As the world grapples to fight the coronavirus pandemic that has killed over 16,000 globally, China's state-owned newspaper Global Times reported the death of a man who had tested positive for Hantavirus. China has tested 32 other people, who were travelling in the bus with the man, for Hantavirus.
According to the US Centers for Disease Control and Prevention (CDC), Hantaviruses are a family of viruses spread mainly by rodents and can cause varied disease syndromes in people worldwide. The virus can spread to people through contact with urine, feces, and saliva, and less frequently by a bite from an infected host, the CDC said.
This can cause hantavirus pulmonary syndrome (HPS) and hemorrhagic fever with renal syndrome (HFRS), the CDC website says.
A person with hantavirus pulmonary syndrome may experience fatigue, fever and muscle aches, especially in the thighs, hips, backs and sometimes shoulders. They may also get headaches, chills and suffer from dizziness along with nausea, vomiting and diarrhoea and abdominal pain.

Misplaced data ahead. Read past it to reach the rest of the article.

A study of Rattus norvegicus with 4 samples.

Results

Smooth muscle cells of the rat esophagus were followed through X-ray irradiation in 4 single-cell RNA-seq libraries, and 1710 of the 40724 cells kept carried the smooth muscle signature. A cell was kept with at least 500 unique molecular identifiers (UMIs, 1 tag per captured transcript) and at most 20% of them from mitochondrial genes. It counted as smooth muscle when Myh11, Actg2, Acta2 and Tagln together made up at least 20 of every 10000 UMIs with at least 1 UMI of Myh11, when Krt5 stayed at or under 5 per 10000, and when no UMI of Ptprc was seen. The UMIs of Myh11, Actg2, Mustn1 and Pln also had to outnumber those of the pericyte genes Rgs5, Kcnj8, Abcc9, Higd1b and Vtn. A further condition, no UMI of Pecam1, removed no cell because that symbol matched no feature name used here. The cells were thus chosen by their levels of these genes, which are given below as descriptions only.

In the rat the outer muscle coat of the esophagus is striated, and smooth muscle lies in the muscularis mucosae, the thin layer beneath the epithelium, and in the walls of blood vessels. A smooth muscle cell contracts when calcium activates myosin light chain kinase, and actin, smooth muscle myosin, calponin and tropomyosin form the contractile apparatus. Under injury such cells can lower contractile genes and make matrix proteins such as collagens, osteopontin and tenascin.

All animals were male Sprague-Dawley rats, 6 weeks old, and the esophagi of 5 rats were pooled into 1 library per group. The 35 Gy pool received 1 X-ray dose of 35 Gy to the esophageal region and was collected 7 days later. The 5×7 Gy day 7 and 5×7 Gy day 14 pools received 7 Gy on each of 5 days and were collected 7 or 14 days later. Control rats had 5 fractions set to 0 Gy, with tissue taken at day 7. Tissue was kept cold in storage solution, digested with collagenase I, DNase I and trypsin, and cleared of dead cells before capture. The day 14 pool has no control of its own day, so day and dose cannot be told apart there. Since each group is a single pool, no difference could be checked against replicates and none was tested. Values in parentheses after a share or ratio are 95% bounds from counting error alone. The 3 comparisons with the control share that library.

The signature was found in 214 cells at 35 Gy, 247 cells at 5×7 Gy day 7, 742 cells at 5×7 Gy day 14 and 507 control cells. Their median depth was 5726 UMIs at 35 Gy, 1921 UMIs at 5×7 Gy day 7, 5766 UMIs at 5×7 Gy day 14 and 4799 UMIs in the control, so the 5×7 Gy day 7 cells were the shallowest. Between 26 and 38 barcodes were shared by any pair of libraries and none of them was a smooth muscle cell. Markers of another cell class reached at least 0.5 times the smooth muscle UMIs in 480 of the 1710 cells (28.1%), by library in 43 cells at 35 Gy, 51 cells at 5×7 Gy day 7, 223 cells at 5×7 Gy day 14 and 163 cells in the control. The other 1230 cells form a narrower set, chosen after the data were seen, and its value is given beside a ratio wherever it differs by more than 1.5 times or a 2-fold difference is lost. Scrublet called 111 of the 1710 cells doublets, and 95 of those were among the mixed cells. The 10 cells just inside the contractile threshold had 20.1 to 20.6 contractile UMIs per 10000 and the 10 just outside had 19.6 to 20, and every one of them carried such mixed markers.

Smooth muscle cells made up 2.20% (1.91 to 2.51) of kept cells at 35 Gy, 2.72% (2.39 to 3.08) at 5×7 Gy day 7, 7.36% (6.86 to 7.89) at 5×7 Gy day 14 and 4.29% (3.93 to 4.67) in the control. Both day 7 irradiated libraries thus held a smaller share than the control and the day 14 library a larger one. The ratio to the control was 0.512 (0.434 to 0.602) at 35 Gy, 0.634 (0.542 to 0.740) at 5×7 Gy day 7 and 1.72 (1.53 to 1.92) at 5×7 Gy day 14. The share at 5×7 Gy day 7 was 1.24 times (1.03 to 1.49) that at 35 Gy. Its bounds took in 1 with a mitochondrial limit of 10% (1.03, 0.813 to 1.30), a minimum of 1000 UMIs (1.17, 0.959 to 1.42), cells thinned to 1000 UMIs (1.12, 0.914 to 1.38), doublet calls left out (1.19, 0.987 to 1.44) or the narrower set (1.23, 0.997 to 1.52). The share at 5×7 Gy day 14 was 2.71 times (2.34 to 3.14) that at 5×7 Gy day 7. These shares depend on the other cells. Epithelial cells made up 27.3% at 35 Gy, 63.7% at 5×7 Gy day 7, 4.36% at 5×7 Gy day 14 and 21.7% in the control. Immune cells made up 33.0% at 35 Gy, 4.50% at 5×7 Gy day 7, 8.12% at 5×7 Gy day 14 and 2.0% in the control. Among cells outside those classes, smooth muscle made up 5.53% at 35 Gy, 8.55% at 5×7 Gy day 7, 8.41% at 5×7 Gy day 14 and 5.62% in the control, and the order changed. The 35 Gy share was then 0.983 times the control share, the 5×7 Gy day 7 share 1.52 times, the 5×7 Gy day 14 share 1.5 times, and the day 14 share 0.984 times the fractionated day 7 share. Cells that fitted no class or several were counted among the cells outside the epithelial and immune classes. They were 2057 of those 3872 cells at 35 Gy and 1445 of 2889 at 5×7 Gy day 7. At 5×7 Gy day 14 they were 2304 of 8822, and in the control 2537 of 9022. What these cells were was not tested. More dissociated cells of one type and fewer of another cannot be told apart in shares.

The late symptoms appear 4-10 days after the initial phase of the illness which includes coughing and shortness of breath. The hantavirus pulmonary syndrome can be fatal with a mortality rate of 38%.
The symptoms of hemorrhagic fever with renal syndrome (HFRS) usually develop within 1 to 2 weeks after exposure to infectious material, but in rare cases, they may take up to 8 weeks to develop.
An infected person may develop sudden intense headaches, back and abdominal pain, fever, chills, nausea, and blurred vision. This may be accompanied by flushing of the face, inflammation or redness of the eyes, or a rash.
Later hantavirus symptoms can include low blood pressure, acute shock, vascular leakage, and acute kidney failure, which can cause severe fluid overload. Complete recovery can take weeks or months. Death occurs in less than 1% to as many as 15% of patients, CDC says.
The CDC says, there is no specific treatment, cure, or vaccine for hantavirus infection. However, if the infected are recognised early on and are provided medical care in an intensive care unit, they may do better. In intensive care, patients are intubated and given oxygen therapy to help them through the period of severe respiratory distress.
According to the Centers For Disease Control, rodent control is the primary necessity to prevent hantavirus infections. Contact with rodent urine, droppings, saliva, and nesting materials should be avoided when cleaning rodent-infested areas.